After spending more than 12 years in Afghanistan and losing more than 6,000 soldiers in Operation Iraqi Freedom and Operation Enduring Freedom, the remaining 60,000 troops have a tentative come home date of December 2014. But also leaving the country will be all of the military equipment – lots and lots of military equipment – with a whopping $3 billion price tag to ship it all back home. And that’s only a small fraction of it.
The Army is leading the massive operation and started with a staggering collection of $28 billion worth of equipment at the beginning of this year. But nine months into the year, they have managed to cut the amount nearly in half by already sending $11 billion in gear back home and closing 330 of 400 bases in Afghanistan.
Approximately $7 billion worth of equipment will be left behind, being either sold to allies, handed over to the Afghan government or auctioned off for scrap metal and melted down.
That still leaves about 1.5 million pieces of equipment, ranging from armored trucks and ammunition to radios and rifles, totaling a value of $4 billion. And all of it will have to come back to the U.S., at a cost close to that total value.
Of course, the $3 billion price tag is just an estimate and some say that it’s a rather conservative one at that. One major factor in determining the cost is the manner in which the goods are transported. Certainly, the fastest shipping method, via plane, is also the most expensive. Yet the cheapest way, via boat, is also the slowest, taking up to five months or more to port on American soil. Likely the gear will be transported using several different methods, depending on the sensitivity and planned use of the items.
But shipping the equipment is only a small fraction of the entire complex process it takes to get it all back to the U.S.
The military must first sort through shipping containers full of gear and strip down the thousands of vehicles scattered across Afghanistan throughout the many bases, all the while ensuring that the remaining soldiers still have adequate supplies and equipment.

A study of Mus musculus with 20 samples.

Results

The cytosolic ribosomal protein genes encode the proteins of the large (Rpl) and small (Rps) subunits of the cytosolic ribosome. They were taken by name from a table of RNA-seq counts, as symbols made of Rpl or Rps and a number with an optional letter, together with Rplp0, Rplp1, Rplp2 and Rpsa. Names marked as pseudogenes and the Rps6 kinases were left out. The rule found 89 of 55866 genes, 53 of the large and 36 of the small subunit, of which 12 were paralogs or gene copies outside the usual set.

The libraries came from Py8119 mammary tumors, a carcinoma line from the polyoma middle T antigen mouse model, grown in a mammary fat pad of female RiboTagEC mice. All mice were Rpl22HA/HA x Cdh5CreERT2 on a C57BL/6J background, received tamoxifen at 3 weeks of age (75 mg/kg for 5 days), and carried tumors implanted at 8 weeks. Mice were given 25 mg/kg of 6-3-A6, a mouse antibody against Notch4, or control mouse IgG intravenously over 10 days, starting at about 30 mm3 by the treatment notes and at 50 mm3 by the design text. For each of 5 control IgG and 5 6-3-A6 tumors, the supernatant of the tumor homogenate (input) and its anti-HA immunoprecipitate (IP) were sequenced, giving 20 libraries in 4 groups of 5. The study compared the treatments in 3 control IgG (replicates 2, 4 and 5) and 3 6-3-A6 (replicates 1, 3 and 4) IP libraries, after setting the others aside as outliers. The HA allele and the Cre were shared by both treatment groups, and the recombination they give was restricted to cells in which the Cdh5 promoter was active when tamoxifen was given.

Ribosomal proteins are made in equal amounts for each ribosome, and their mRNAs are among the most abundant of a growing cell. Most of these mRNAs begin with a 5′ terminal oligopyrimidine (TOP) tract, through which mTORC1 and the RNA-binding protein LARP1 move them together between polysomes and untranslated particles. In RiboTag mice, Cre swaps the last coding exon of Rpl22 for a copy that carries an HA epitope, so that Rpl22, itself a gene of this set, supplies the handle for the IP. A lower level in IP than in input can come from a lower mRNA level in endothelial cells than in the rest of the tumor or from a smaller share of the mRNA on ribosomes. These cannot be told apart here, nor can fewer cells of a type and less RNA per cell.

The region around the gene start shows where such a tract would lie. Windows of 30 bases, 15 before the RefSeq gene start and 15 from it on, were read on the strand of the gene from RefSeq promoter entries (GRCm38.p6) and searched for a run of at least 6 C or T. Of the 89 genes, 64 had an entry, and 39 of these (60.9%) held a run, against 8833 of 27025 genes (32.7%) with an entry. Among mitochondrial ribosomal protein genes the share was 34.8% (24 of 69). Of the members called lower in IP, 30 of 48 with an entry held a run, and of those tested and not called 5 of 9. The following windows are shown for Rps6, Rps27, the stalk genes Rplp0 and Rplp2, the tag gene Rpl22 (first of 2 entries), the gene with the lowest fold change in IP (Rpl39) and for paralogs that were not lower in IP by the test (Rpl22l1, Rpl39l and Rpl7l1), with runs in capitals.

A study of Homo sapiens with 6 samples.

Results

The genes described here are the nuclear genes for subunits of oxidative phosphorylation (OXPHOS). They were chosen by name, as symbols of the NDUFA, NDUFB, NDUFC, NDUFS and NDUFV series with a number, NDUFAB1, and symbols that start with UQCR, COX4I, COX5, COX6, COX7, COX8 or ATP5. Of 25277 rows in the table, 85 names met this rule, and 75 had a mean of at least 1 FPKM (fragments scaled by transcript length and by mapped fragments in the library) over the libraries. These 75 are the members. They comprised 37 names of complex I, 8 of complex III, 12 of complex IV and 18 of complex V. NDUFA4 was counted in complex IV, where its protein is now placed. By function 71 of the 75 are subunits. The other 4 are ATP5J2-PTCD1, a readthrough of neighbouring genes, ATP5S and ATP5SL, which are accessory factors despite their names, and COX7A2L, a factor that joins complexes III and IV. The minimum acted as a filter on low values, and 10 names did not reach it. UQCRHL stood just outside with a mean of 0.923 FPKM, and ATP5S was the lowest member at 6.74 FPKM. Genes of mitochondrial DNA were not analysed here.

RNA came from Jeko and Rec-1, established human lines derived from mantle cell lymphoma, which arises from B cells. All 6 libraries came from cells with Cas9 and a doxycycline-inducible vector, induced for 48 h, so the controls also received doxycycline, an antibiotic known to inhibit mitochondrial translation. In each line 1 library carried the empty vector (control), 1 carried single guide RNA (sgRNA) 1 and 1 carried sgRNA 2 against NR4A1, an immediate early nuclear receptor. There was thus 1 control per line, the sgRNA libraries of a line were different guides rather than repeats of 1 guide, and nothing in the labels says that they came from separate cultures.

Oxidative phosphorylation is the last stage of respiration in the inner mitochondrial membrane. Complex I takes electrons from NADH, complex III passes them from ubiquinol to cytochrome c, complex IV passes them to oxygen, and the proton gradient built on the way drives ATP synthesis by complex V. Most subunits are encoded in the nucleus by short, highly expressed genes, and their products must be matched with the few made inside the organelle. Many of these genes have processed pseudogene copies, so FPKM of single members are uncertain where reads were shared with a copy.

Brig. Gen. Steve Shapiro, deputy commander of the unit managing the removal of the equipment, said in March, when the shipping costs were estimated at $6 billion, that they still had some 28,000 vehicles and 20,000 shipping containers to go through.
Preparing vehicles for removal is an intense, time consuming and labor-intensive endeavor. The team must first carefully search the vehicle for any ammunition that may have been left behind. They look under the seats, behind cables and even use high-tech cameras to check in the tiny crevices of the vehicle. Rifle and machine gun rounds, and even grenades and mines, have been found left in the vehicles.
Another team then strips the vehicles of security netting, gun towers, radio equipment and other gear, which is then shipped separately from the vehicles themselves.
Then the vehicles have to be washed – twice. Three or more times if the vehicles are headed straight back to the U.S.
Most of the vehicles are flown out by plane, but sometimes they’re taken out on the road. But the rough roads and lack of seaports make transporting via road even more complicated. For example, tensions between countries surrounding the Karachi port, which has been used in the past to transport U.S. goods out of Afghanistan, have caused borders to shut down more than a time or two. As a result, the military will not use that route to send out any high-tech or sensitive equipment.
Another big challenge is deciding what really can go and what needs to stay while the remaining 60,000 troops are still in the country.
“What we don’t want is peaks and valleys, which is why there is all this emphasis on it now, asking ourselves do we really need this piece of equipment,” Col. Mark Paget, commander of the 401st Army Field Support Brigade, which is managing the removal of equipment, or “retrograde” as the military calls it, in Bagram. “What you want and what you need are different things.”
After over a decade-long war, the country is now filled with shipping containers full of “long-forgotten orders.”
“Is war wasteful? Yes,” Gordon Adams, a professor at American University and former defense official in the Clinton administration said. “Is ending war wasteful? But bringing back something and pretending you’re going to use it is even more wasteful. It doesn’t do anybody any good if you just bring it back and park it.”
Adams points out that the process of deciding what to bring back and what to leave requires making costly choices. He also believes that the $3 billion estimate for bringing the goods back home is a “pretty cheap” one.
“We have a lot of stuff there. Inevitably, we overbought,” Adams said. “We always do when we go to war.”
Paget may be inclined to agree.
Upon performing the grueling task of going through the tens of thousands of shipping containers, Paget recently opened one which contained hundreds of easels. Apparently they were ordered during the height of President Obama’s flood for commanders to be in small outposts around the country. They were ordered so that the commanders could map out their offensives against the Taliban on whiteboards balanced on the easels.
“Excess easels, there were easels everywhere,” Paget said, shaking his head. “I will stand by that I have seen a container full of easels.”
Bottom line, war is hell — and expensive — and wasteful.